In my R&D role as Global Sustainability Packaging Director, I am able to drive innovation in packaging that is moving our business towards a zero-waste world – and inspiring others to do the same.


Packaging and its impact on the world

People sometimes ask me what packaging is actually for. Fundamentally, there are three different ways in which packaging is used.

1. To preserve and protect

Packaging acts as a shield so consumers receive their products in the right condition.

2. To improve the consumer experience

Packaging is essentially functional. There are many ways in which it helps people use products more easily, whether it is a trigger on a spray bottle or a flip-top cap that makes it easier to open and close your shampoo.

3. To communicate

Packaging is also a medium for informing consumers about what the product is, what it contains and how it can be used.

My role in helping to reduce waste

In 2010 when we launched the Unilever Sustainable Living Plan, I developed a waste strategy focused on resource efficiency and end of life solutions for the packaging we put onto the market. Different elements of the strategy were to be driven by different areas of the business. For example, our divisions would predominantly focus on resource efficiency initiatives through their innovations programs, while our country teams would be focusing more on the recycling initiatives specific to their needs.

Over the years I have refreshed the strategy, bringing in new thinking such as the “Circular Economy” concept and setting more stretching goals to ensure we continue to push the envelope in what has become a very hot topic for our consumers and citizens globally. The question of what happens to packaging ‘post consumer use’ is personally very important to me, and I try to find ways of ensuring discarded materials can be reused or recycled so that they retain some, if not all, of their value after they have been used.

From an internal perspective, this means looking at the design of our products and making sure they can go through the available recycling streams. It also means trying to reduce the amount of packaging we use without compromising functional properties.

From an external perspective, we engage in a vast range of activities. This includes working with governments and NGOs, as well as competitors and environmental companies, to develop effective infrastructure. It also includes creating consumer education programs about what can and can not be recycled and incentivizing people to recycle more.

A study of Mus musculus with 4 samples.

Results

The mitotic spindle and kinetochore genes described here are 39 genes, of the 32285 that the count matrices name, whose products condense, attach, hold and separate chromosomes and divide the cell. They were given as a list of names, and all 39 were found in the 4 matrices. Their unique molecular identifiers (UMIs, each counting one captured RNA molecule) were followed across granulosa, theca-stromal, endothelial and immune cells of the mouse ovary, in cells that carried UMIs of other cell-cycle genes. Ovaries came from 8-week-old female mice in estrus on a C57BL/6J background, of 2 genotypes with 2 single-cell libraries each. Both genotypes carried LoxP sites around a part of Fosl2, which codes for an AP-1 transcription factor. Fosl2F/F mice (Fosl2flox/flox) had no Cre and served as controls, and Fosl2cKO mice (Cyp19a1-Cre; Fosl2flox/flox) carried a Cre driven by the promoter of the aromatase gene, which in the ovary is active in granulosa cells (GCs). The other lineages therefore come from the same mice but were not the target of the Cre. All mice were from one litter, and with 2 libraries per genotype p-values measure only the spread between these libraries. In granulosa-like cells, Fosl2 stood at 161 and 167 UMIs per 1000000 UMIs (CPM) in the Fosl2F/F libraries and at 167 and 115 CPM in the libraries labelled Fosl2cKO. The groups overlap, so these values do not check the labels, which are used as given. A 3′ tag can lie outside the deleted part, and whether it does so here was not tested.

In Indonesia, for example, we have a program called Waste Bank, where people are given funds for bringing their used packaging back. In addition, we are involved in many external collaborations such as the Ellen MacArthur New Plastics Economy initiative, as well as an initiative from the Consumer Goods Forum, who are looking at ways to reduce the amount of packaging that ends up as waste.

One area I am personally very passionate about is finding solutions for flexible packaging films, in particular multi-layer materials. We sell many millions of products in single-use sachets, mainly in developing markets. This makes our brands affordable to people on low incomes. Sachets use plastics more efficiently per ml than bottles, despite their small size, and this results in less solid waste by weight.

However, their low value and the lack of disposal facilities means they can create litter. Finding commercially viable solutions for these types of materials, is a real challenge, but equally poses a massive opportunity to innovate in this space.

Sharing sustainable technology with the world

Technology, developed by our strategic materials team in collaboration with external partners, is also helping us find solutions to the problem. I am pleased to say we have chosen to share some of our technological solutions rather than keeping them to ourselves.


Ultimately, Unilever is a business that believes in doing the right thing. By opening up our technology to our competitors, we are better able to bring about the transformational changes we are committed to, as part of the Unilever Sustainable Living Plan.

Just one example where we have waived exclusivity rights is our compressed deodorant technology, which uses a re-engineered spray system to enable a new 75ml aerosol can to last as long, and perform as well, as a regular 150ml can. This technology has already been adopted and utilized by one of our major competitors in Brazil.

Another example is the solution we developed with our global packaging suppliers ALPLA and MuCell Extrusion, which allows companies to reduce the amount of material used in extruded blow moulded plastic bottles by around 15%.

I hope to be involved in many more such innovations in the future, as we continue our drive towards zero waste – and I feel very blessed to be working in a role that enables me to tackle such a pressing global issue.